Eric Gerlach wrote:
> On Wed, Jan 27, 2010 at 05:59:27PM +0100, Thomas Bellman wrote:
>> Don't put passwords and private keys in your manifests.
> Would you call this a general rule? If so, what's the best practice for
> setting passwords and private keys?
Yes, I think that is a very good general rule.
I would recommend putting private keys and similar stuff in a separate
fileserver section, preferably one that is client specific, i.e. where
you have %H in the path:
and copy files from there with something like:
source => "puppet:///private/sshkeys/ssh_host_rsa_key";
If it's not practical to manage the entire file, for example if you just
want to set the password of a particular user, then you can grab that
data on the Puppet master using the file() or template() function, or a
custom function pulling the string from some kind of structured file or
database. Something like:
$password = file("/config/user-passwords/$name")
password => $password;
might do the trick.
There are a couple of advantages to keep that kind of data out of the
manifests. One is that you don't "contaminate" non-sensitive information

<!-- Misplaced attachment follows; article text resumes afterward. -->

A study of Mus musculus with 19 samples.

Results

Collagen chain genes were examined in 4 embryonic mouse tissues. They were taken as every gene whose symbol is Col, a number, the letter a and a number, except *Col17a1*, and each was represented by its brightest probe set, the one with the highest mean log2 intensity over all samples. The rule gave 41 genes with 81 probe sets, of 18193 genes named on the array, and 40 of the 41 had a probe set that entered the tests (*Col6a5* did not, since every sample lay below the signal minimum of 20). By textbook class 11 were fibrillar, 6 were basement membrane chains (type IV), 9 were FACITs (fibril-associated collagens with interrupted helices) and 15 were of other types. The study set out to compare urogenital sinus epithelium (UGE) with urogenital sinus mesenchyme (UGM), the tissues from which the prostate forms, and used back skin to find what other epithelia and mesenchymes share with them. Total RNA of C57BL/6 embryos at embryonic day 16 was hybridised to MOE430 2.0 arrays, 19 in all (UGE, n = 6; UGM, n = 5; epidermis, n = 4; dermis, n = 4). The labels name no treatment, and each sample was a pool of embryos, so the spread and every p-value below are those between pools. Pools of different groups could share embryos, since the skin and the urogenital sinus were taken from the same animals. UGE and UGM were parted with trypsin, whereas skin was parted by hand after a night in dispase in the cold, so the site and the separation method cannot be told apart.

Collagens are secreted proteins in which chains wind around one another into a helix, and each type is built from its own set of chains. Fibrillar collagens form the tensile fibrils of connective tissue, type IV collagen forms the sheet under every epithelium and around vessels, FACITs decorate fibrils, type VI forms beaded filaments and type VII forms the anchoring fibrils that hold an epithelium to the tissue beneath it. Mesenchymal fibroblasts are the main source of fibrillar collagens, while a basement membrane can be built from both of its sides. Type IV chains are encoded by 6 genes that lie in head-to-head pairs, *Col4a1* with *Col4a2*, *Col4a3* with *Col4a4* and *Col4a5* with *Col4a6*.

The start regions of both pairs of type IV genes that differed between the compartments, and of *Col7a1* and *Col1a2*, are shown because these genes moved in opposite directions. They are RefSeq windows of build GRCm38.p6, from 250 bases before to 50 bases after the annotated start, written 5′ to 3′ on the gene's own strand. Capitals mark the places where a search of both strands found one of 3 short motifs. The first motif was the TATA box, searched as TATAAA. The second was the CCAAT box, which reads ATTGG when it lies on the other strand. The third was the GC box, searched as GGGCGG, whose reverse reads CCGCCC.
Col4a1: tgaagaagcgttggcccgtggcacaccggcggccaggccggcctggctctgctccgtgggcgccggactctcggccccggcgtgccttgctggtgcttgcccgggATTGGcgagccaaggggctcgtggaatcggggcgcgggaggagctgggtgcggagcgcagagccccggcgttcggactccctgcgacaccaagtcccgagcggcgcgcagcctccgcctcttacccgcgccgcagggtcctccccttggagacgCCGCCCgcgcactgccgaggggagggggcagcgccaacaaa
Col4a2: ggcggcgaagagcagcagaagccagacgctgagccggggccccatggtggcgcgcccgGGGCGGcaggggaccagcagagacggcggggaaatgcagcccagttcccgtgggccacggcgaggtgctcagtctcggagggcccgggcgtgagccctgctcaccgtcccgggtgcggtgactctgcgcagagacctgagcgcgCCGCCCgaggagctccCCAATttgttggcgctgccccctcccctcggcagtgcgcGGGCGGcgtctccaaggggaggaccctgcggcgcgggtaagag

(your configuration) with sensitive data. Even if you don't plan on
showing your manifests to the public, you might someday want to get help
from external people. If passwords and private keys are kept separate,
you don't need to go through your manifests and censor them before showing
them to the helpers.
Also, if you have a testing/development system, you probably don't want
the same passwords and keys on that as you do on the production system.
Moving new manifests from testing to development becomes easier if you
don't have to change passwords and keys in them at the same time.
Secondly, in my experience it doesn't make much sense to track keys in
the same VCS repository as configuration. If you suddenly decide that
you need to revert your configuration to what it was two weeks ago, do
you really want to revert, e.g., ssh host keys at the same time?